Disparate Studies Unveiled

Interdisciplinary studies — majoring in neuroscience and minoring in religion, for example — can prepare a student for grad school or a good job.
BySue Vogl

USC students have discovered that choosing majors and minors in widely different disciplines boosts their creativity — and their career choices.

In a new video, eight undergraduates talk about why they chose majors and minors in diverse academic areas. With 148 majors and 174 minors listed in the 2014-15 USC Catalogue, the combinations are endless.

USC Dornsife offers 70 majors and nearly 70 minors.

“USC really encourages you to explore your creativity,” said Morgan Furlong, who found her perfect combination of academic subjects to be international relations and playwriting. In fact, she was inspired to come to USC when her campus tour guide mentioned his “crazy” combination of major and minor. Furlong recalled that her mother turned to her and said, “That’s what you want to do.”

Matthew Prusak, who majors in international relations, and philosophy, politics and law, will spend this summer working for Nike on global strategy. During his interview for the summer job, he said, Nike officials responded favorably to his ability to understand both global commerce and the political side of business.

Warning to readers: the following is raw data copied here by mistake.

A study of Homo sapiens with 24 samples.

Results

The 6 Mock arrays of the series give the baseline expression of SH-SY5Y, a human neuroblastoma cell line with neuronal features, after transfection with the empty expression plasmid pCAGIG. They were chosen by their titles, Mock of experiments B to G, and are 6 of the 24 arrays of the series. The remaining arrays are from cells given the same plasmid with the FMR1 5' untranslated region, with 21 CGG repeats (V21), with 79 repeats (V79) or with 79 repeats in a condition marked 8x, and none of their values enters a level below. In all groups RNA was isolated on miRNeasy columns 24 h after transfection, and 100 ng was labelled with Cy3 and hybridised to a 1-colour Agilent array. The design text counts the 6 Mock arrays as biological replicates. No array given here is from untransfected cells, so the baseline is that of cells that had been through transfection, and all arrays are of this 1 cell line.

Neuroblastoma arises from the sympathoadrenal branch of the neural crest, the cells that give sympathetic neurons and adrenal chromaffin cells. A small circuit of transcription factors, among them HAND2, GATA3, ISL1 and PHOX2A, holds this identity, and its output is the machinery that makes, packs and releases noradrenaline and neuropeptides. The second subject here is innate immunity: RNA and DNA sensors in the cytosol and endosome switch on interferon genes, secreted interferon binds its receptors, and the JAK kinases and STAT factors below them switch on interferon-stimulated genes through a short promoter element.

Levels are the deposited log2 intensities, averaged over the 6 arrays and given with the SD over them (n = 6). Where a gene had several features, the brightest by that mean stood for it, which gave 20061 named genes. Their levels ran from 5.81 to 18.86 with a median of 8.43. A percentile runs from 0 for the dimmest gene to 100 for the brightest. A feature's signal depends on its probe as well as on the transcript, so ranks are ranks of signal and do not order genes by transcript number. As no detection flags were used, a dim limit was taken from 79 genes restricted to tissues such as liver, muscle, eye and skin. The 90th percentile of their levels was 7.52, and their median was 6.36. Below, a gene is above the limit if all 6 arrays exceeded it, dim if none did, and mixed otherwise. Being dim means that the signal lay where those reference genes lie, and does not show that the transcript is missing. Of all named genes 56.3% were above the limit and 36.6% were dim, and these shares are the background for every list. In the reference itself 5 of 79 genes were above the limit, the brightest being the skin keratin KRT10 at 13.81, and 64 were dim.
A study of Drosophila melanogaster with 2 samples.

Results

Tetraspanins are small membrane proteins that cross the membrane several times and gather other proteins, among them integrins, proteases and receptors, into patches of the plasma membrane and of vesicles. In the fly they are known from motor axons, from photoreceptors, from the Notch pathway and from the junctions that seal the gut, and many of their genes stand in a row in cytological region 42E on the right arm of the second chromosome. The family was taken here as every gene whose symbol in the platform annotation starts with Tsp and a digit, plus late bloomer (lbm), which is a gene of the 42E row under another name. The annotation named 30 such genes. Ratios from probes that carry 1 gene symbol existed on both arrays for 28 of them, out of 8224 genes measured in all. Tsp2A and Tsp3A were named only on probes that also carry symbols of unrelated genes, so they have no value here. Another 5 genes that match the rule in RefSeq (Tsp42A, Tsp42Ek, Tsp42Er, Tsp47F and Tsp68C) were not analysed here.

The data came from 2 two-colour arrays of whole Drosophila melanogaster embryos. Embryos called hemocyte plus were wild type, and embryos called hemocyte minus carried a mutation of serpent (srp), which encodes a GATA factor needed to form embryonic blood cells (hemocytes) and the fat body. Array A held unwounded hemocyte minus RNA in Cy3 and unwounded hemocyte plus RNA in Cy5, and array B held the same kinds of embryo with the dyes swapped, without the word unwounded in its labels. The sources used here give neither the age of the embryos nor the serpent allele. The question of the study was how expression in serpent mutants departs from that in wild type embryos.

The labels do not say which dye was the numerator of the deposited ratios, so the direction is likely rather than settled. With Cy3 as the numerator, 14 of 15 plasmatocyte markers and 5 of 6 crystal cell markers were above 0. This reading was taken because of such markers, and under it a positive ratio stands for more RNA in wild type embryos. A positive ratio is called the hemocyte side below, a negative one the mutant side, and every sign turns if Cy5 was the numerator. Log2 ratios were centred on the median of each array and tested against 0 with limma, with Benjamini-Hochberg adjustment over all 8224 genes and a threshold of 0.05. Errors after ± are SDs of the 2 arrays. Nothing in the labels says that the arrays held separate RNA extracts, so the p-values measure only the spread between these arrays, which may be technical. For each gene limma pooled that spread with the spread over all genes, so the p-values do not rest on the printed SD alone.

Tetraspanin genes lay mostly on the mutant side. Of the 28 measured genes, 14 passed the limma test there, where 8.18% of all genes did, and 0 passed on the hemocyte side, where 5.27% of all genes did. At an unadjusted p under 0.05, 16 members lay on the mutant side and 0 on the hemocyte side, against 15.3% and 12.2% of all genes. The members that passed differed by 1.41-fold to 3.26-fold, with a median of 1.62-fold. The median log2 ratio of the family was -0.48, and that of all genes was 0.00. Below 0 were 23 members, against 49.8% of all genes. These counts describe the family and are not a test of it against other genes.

John Carlson said he’s excited about his ability to combine his interest in science and East Asia into a career. Carlson’s progressive degree, which consists of a B.S. in biochemistry, a B.A. in East Asian languages and cultures and an M.S. in regulatory science, led to a position in the global affairs and public policy office of a large biopharmaceutical manufacturer.

Interdisciplinary studies also are excellent preparation for graduate school. Kausar Ali, who majored in neuroscience and religion, said the combination allowed her to experience both the cultural and scientific sides of medicine. She’ll take that knowledge to medical school this fall. These students have an intellectual curiosity that can’t be satisfied by majoring in one discipline, and they praised USC for being flexible and encouraging them to choose personalized combinations.

Leowil Villaneuva, who is studying East Asian languages and cultures, international relations and Spanish, summed it up by saying, “The faculty, staff and academic advising offices do a really good job of supporting students and helping them figure out what they want to get out of their academic experience.”